Irish bishop quits over sex abuse, others under pressure


Pope Benedict XVI accepted Limerick Bishop Donal Murray's request to quit after the Irishman was named in a damning report last month that found top prelates concealed clerical abuse of children over more than three decades.

Murray "humbly" apologised for his role in the scandal but said that even his resignation "cannot undo the pain" of those who suffered.

Last month's Murphy report found that church leaders in Dublin did not report abuse to police until the 1990s as part of a culture of secrecy and an over-riding wish to avoid damaging the reputation of the Catholic Church.

It condemned Murray for "inexcusable" attempts to cover up abuse claims while serving as an auxiliary bishop in the Dublin archdiocese in the 1980s.

His resignation adds to pressure on four other bishops who served with him -- and within hours of it being confirmed by the Vatican, the archbishop of Dublin appeared to hint at further resignations.

"Responsibility must be taken by all who hold a position of authority and collective responsibility," said Archbishop Diarmuid Martin, adding that he would meet all those named in the Murphy report "about changes I want."

"This is without doubt, a period of deep crisis in this Archdiocese. Priests and people of this diocese see that there can be no healing without radical change," he added.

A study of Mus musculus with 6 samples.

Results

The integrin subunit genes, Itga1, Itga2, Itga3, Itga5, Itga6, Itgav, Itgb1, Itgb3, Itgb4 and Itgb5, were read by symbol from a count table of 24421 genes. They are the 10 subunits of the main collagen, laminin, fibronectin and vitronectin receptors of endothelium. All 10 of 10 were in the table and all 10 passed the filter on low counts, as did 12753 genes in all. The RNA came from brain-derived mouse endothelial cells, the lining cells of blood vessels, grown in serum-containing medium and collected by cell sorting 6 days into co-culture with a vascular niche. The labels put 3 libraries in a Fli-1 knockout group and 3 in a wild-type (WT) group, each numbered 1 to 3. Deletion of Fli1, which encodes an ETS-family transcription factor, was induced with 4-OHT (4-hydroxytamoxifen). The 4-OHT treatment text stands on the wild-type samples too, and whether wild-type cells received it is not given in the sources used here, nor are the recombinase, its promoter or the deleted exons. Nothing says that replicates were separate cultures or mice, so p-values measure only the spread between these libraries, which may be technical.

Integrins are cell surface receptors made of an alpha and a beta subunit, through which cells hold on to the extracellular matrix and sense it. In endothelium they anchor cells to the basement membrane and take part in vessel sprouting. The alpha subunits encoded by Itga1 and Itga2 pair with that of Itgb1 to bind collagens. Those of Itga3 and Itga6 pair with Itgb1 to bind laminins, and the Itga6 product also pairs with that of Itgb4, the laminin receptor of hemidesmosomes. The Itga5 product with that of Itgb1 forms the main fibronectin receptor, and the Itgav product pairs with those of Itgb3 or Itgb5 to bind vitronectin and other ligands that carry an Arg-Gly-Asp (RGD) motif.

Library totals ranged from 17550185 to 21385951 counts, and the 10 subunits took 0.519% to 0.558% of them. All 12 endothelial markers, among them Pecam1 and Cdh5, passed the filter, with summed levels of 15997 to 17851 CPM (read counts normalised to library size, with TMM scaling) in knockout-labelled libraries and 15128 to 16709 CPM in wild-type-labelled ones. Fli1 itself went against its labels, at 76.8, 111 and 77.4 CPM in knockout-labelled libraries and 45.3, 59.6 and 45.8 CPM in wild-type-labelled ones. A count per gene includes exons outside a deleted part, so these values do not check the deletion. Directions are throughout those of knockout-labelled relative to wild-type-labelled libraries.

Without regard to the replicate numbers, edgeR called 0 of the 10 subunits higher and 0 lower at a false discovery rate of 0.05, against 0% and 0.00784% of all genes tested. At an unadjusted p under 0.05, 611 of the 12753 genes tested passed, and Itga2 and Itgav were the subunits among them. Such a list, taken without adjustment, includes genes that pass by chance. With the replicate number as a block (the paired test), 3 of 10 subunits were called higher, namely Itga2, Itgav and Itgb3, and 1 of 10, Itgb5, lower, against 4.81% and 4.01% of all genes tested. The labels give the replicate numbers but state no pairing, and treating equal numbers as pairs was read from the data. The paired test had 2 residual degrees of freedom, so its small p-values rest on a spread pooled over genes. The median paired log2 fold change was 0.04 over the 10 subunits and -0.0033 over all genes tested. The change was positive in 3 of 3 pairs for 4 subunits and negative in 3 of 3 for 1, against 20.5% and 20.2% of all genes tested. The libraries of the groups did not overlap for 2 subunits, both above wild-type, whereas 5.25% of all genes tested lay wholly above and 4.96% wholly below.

In the Murphy report, one priest admitted to sexually abusing over 100 children, while another confessed that he had abused children on a fortnightly basis over 25 years.

After the Vatican announced his resignation, Murray told his congregation in Limerick, southwest Ireland, that he had asked to quit because he believed his "presence will create difficulties for some of the survivors."

"I know full well that my resignation cannot undo the pain that survivors of abuse have suffered in the past and continue to suffer each day.

"I humbly apologise once again to all who were abused as little children," he said.

Campaigners for victims of the abuse said Murray's resignation was not enough.

"One resignation does not signal a major policy change in the Catholic Church," said Maeve Lewis, executive director of Ireland's leading victim groups, the One in Four group.

"Bishop Murray was only one of a number of auxiliary bishops in the Dublin archdiocese who had information about serial sex offenders and who failed to act with the result that many other children were sexually abused.

"I believe each one of these bishops must now resign if the Church is to retain any credibility."

One of the senior clerics mentioned in the report, Bishop of Kildare and Leighlin Jim Moriarty, hinted that he may go.

"I am 73 years old and I am obliged to hand in my resignation when I turn 75. However, if it will serve the Church, the people and the victims, I am prepared to go sooner," he said.

"But no decision has been taken on that yet," he added on the KCLR local radio station.

The pope met last week with Ireland's two most senior Roman Catholic churchmen, Dublin Archbishop Martin and primate of all Ireland Cardinal Sean Brady.

In a statement Friday the pope apologised for the abuse, saying he "shares the outrage, betrayal and shame felt by so many of the faithful in Ireland (over) these heinous crimes".